Respiratory treatment in hospitals is administered on a continuum depending on level of treatment required by the patient. Generally, the simplest form is facemask oxygen or high-flow nasal cannula which has nozzles that are place in/below the nose directing oxygen into the nostrils.
More sophisticated treatments are non invasive ventilation treatments, namely Constant Positive Airway Pressure (CPAP) and Bi-level Positive Airway Pressure (BiPAP) with critically ill patients requiring intensive care Invasive Ventilator Treatment administered by accredited Intensive Care Unit (ICU) staff.
The goal is to treat hypoxia early and break the inflammatory cycle and lung damage which occurs. This gives the patient’s immune system time to fight the virus without having to also deal with hypoxia.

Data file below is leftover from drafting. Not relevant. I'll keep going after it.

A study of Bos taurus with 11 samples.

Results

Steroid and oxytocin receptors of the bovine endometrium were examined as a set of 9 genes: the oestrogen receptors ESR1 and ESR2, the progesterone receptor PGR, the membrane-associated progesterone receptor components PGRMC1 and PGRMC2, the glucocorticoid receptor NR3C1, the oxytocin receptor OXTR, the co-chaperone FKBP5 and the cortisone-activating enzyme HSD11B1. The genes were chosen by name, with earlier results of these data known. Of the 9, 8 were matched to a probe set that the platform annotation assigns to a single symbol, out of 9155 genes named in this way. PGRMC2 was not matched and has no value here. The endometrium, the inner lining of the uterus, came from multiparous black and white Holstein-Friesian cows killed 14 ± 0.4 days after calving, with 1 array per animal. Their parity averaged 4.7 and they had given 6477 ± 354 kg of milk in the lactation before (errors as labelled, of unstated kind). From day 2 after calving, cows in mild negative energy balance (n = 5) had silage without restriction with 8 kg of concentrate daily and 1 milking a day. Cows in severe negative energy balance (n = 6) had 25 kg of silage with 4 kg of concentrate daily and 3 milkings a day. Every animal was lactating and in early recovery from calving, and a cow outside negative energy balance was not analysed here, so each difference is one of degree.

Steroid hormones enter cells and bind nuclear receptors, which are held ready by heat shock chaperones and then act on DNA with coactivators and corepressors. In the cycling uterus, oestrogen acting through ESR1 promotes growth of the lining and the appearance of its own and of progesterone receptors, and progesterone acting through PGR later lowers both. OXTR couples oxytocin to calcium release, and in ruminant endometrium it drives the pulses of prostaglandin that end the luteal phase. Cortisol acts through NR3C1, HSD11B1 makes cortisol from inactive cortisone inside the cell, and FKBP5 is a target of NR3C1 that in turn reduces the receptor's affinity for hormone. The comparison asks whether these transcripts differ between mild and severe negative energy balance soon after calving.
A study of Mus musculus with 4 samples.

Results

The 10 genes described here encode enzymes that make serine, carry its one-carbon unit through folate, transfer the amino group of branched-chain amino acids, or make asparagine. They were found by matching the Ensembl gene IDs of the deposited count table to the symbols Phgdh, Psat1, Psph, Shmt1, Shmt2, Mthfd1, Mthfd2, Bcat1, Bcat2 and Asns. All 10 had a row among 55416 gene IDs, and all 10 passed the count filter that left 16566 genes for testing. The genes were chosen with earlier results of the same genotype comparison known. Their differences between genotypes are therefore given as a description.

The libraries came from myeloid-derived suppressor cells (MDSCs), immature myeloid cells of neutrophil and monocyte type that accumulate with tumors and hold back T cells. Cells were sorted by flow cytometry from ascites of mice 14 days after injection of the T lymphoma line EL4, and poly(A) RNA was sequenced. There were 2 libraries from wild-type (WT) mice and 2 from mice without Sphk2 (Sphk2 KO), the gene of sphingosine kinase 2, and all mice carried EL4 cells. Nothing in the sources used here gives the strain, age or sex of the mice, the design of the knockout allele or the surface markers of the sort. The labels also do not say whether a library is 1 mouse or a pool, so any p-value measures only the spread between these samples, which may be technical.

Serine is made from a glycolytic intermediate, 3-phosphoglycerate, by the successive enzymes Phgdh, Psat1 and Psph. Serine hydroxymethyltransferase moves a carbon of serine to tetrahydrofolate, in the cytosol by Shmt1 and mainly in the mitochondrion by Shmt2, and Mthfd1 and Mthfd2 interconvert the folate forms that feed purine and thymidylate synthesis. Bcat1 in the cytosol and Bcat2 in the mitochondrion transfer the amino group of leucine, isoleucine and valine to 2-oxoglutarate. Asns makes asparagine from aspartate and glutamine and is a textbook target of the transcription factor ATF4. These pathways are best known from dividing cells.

COVID-19 has resulted in a common scenario globally, where approximately 6% – 10% of people infected by the virus require respiratory support treatment. About two-thirds of these patients don’t recover from standard oxygen treatment alone and deteriorate to the point where they require ICU Invasive ventilator treatment.
It was clear that ICU ventilator capacity in South Africa was constrained by the availability of skilled ICU staff and traditional mechanical ventilators. Supplying additional ICU ventilators was unlikely to adequately respond to the anticipated increase in demand required to treat patients due to COVID-19. Clearly an alternative solution was required.
Our initial goal was to design standalone mechanical non-invasive ventilation solutions that could be used by general nursing staff. This has expanded to include a number of innovative respiratory solutions.